Peter Grant clarifies

Peter Grant responds to critics and comments concerning his original post on the existential threat posed by identity politics:

Our society is built around the concept of a nation state as the focus of our loyalties, embodying our families, our tribes and our communities into a higher order of commitment.  As former President Theodore Roosevelt famously said in a 1915 speech:

There is no room in this country for hyphenated Americanism. When I refer to hyphenated Americans, I do not refer to naturalized Americans. Some of the very best Americans I have ever known were naturalized Americans, Americans born abroad. But a hyphenated American is not an American at all. This is just as true of the man who puts ‘native’ before the hyphen as of the man who puts German or Irish or English or French before the hyphen. Americanism is a matter of the spirit and of the soul. Our allegiance must be purely to the United States. We must unsparingly condemn any man who holds any other allegiance. But if he is heartily and singly loyal to this Republic, then no matter where he was born, he is just as good an American as anyone else.

The one absolutely certain way of bringing this nation to ruin, of preventing all possibility of its continuing to be a nation at all, would be to permit it to become a tangle of squabbling nationalities, an intricate knot of German-Americans, Irish-Americans, English-Americans, French-Americans, Scandinavian-Americans or Italian-Americans, each preserving its separate nationality, each at heart feeling more sympathy with Europeans of that nationality, than with the other citizens of the American Republic. The men who do not become Americans and nothing else are hyphenated Americans; and there ought to be no room for them in this country. The man who calls himself an American citizen and who yet shows by his actions that he is primarily the citizen of a foreign land, plays a thoroughly mischievous part in the life of our body politic. He has no place here; and the sooner he returns to the land to which he feels his real heart allegiance, the better it will be for every good American. There is no such thing as a hyphenated American who is a good American. The only man who is a good American is the man who is an American and nothing else.

If you believe in the concept of a specifically American nation, it’s hard to disagree with him.

The concept of a “tribe” can be inimical to this national identity.  If one places more pride in being a socialist or communist or capitalist or Democrat or Republican, or a Christian or Muslim or Jew or Buddhist or Hindu, or a citizen of Texas or California or Vermont or Wyoming or Alaska, than one does in being an American, then one’s loyalty to one’s country is necessarily affected or influenced by the extent to which one identifies with that primary personal identity.  If the group(s) to which one belongs place similar emphasis on being this, or that, or the other, before being American, the same problem arises.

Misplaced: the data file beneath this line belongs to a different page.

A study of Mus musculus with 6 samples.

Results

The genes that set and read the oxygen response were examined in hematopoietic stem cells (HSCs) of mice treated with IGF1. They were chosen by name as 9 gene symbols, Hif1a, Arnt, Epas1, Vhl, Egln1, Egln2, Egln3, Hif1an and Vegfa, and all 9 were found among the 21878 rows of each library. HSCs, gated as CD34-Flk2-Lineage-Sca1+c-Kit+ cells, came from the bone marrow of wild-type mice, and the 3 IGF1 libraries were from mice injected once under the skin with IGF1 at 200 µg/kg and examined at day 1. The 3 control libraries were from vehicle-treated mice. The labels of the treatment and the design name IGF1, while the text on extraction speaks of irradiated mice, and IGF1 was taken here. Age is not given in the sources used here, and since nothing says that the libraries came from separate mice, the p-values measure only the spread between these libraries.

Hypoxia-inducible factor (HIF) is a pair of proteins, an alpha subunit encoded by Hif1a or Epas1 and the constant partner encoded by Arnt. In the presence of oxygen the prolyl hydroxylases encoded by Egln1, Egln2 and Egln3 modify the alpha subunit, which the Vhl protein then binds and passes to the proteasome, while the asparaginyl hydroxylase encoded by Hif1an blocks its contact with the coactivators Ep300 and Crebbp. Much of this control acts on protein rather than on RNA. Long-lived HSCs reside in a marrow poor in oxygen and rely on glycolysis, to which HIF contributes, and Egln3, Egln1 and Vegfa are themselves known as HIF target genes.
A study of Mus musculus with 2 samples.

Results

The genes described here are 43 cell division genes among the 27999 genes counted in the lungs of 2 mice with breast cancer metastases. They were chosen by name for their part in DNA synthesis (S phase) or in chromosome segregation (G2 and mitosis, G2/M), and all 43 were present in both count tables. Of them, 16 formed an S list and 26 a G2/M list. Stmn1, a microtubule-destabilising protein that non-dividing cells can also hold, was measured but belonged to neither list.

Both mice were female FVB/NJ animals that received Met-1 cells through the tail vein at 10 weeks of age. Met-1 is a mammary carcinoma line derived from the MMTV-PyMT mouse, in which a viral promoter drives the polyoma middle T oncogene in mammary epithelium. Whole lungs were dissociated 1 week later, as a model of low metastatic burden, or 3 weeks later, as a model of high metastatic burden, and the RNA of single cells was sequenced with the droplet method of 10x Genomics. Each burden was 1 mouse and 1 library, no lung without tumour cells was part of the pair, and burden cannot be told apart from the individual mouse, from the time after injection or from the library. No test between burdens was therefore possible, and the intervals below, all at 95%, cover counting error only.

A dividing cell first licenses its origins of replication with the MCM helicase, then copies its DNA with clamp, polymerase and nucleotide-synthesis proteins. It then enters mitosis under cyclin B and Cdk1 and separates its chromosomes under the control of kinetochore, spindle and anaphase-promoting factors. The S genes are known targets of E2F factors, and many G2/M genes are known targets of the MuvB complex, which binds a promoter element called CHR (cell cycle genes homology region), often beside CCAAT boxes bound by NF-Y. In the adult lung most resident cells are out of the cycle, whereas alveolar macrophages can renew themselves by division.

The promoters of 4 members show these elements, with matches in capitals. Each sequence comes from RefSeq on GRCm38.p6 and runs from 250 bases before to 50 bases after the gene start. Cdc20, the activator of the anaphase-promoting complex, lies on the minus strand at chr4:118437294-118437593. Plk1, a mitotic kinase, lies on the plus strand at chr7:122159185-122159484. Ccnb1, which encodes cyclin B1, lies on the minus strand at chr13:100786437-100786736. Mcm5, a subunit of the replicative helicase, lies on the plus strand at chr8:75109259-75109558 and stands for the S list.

The trouble is, such divided loyalties end up weakening everybody – ourselves, our tribes, our communities, and our nation.

No doubt that is true. But the problem with Peter’s thinking is that loyalty to an artificially constructed “nation-state” can be manufactured simply by everyone of goodwill electing to pretend that they are all part of the same nation. Even after centuries of being unified under a single British crown, the Scots voted for independence – it was the votes of the non-Scots resident in Scotland that caused the “Scottish” independence vote to fail.

And even Teddy Roosevelt himself said that “there ought to be no room” in the country for those who do not consider themselves to be Americans and nothing else. That means forcibly deporting most of the post-1965 immigrants, all of the Jews, and all of the African-Americans, just for starters. And that’s a more extreme position than that espoused by the average member of the Alt-Right. I very much doubt most of the civic nationalists who cite Roosevelt’s stirring rhetoric realize precisely what it is they are implicitly endorsing.

The rise of 4GW has broken the state’s monopoly on violence. Once nukes or other weapons of mass destruction are accessible to non-state actors, that will break the state’s monopoly on political legitimacy as well, because there will be strength without the numbers provided by unity.

And like nukes, identity politics are not going to disappear simply because some people happen to find them distasteful. Identity politics are not a Marxist plot or a “right-wing SJW” tactic, they are nothing less than the political environment in which Americans now find themselves due to their foolish and ruinous immigration policies of the last 53 years.